Last month, the University of Massachusetts’ Board of Trustees edged Massachusetts an inch closer to the creation of its first public law school in a decisive 14-4 vote. If the Massachusetts Board of Higher Education ratifies the Trustees’ vote in February, students could begin enrolling in a legal program at the UMass-Dartmouth campus as early as fall 2010.

But State Sen. Stan Rosenberg and several private law school deans have rancorously criticized the plan, using the state’s weak economy to chauffeur their opposition.

Though he has no formal say in February’s vote, Rosenberg is preparing to offer legislation that would bar UMass-Dartmouth from tapping into state taxes for support of the law school. He and other critics argue that the proposed $23,565 tuition, which, in theory, would support the program, is simply not enough.

As reported by the Boston Globe, Arthur Gaudio, dean of Western New England School of Law in Springfield, wrote a letter to the UMass Board of Trustees echoing Rosenberg’s concerns.

“It is not possible for an American Bar Association-approved law school, or one seeking approval, to operate solely on the stated tuition funds without incurring a substantial cost to the University of Massachusetts or the state,” Gaudio said in the letter.

But the deans of private law schools, like Western New England Law and Suffolk University Law School, have deeper reasons to fret the University’s proposed $23,565 tuition: It’s half the price of theirs.

Without a doubt, a UMass law school would steal many applications from private institutions on the grounds of affordability alone. It’s a relief for aspiring lawyers and a panic for the good ol’ boy law schools, whose elitism has historically defined higher education in Massachusetts.

Uproars throughout the state’s legal community show just how deep the monopoly on jurisprudence extends. Even legal tabloids are snapping venomously at the proposition. In an online article from “Above the Law: A Legal Tabloid,” writer Elie Mystal went so far as to say, “this is not about the students. And it’s certainly not about educational opportunity … we all know what this is about: money. Lenders have it, the state wants it, the financial future of citizens of the Commonwealth be damned.”

It all seems bizarrely ironic. But to be fair, there is a vestige of civic concern in all the lawyerly fire and brimstone. That is, can we really set up an accredited public law school without tax dollars?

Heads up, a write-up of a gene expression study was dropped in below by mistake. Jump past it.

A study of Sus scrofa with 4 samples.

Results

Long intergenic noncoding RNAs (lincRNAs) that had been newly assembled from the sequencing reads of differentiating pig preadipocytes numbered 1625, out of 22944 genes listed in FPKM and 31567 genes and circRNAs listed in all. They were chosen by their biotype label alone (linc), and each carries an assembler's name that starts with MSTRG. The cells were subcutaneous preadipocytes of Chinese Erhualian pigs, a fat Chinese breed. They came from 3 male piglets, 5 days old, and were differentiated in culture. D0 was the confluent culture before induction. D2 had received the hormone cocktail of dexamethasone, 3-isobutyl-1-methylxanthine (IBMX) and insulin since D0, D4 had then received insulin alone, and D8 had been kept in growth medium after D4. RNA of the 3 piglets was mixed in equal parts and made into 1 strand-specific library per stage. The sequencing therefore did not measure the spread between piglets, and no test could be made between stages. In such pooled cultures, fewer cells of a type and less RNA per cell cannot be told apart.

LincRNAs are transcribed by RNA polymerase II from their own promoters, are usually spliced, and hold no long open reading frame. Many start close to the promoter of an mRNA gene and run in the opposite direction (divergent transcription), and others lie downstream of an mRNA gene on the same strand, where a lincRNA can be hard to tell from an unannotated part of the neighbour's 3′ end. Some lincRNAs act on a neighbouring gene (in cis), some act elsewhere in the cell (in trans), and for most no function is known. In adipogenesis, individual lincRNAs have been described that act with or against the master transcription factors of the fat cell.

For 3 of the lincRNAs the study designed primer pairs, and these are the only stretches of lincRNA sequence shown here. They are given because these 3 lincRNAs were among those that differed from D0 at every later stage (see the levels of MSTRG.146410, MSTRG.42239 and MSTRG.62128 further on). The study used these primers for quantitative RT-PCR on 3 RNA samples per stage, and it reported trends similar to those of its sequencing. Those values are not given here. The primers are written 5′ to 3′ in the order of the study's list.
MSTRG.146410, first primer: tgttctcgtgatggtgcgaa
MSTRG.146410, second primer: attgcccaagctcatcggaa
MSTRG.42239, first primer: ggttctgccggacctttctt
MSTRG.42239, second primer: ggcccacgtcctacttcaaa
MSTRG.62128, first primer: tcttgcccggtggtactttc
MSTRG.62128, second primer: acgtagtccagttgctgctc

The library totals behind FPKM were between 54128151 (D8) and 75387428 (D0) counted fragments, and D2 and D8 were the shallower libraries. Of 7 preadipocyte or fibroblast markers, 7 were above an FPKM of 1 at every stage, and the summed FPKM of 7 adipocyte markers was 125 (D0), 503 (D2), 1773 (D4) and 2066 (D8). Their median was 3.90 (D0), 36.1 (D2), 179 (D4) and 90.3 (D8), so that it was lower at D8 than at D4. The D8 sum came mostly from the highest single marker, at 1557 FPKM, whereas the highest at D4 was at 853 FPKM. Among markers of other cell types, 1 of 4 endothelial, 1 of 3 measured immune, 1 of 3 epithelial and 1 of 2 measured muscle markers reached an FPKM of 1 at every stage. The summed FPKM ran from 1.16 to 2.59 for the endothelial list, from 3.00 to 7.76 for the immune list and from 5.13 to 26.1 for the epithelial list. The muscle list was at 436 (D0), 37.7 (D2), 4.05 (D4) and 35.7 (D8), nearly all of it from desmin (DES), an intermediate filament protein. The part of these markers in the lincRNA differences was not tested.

Although a UMass law school might seem like a potentially pricy venture, Trustees Chairman Robert Manning maintains otherwise.

“The University of Massachusetts Board of Trustees has examined this proposal very thoroughly. The academic and financial components of this proposal have undergone rigorous review. After much study, it is clear that we can create a top-tier public law school without placing financial demands on the state or the University,” Manning said in a statement from the University announcing the Trustees’ approval in December.

In theory, student tuition alone would finance the law program. By increasing initial enrollments of 235 students to 559 over a decade, a UMass law school  would generate nearly $81 million, hopefully enough to support its ambitions and gain accreditation from the American Bar Association.

Ironically, confidence in the fiscal soundness of the plan owes much to a floundering and unaccredited institution in Dartmouth, Mass., called Southern New England School of Law. SNESL recently donated its campus and assets to UMass for their public law school. The $22.6-million contribution undoubtedly supercharged the initiative, and with it the University luckily sidestepped the home-buying process.

Now those precious resources can go toward the costs of accreditation.

UMass-Dartmouth Chancellor Jean MacCormack, who authored many of the financial specifics, intends to spruce up SNESL’s facilities with some $13.8 million of non-taxpayer dollars, so that a UMass law school would compete with private schools.

According to MacCormack, a proper UMass law school would channel millions into both the Dartmouth campus and the state economy.

Both Chancellor Holub and UMass President Jack Wilson have endorsed MacCormack’s plan and expressed satisfaction with the Trustees’ recent vote.

“This is a major step forward for public higher education in Massachusetts,” Wilson said. “The creation of a public law program will afford citizens of the Commonwealth the same opportunity that exists in 44 other states.”

Besides Massachusetts, states without public law schools include nearby Rhode Island, New Hampshire and Vermont, along with Delaware. Alaska has no private or public law schools.

Indeed it will. But despite all the chancellery cheer, the plan just seems too good to be true. Like financial quandaries of the past have shown, “paper budgets” don’t always equate to “working budgets.” Only time will tell whether or not MacCormack’s plan for a UMass law school is waterproof.

But if we’re really so sanguine about a UMass law school, Rosenberg’s legislation only confirms what we already know: So why oppose it?

Evan Haddad is a Collegian columnist. He can be reached at ehaddad@student.umass.edu.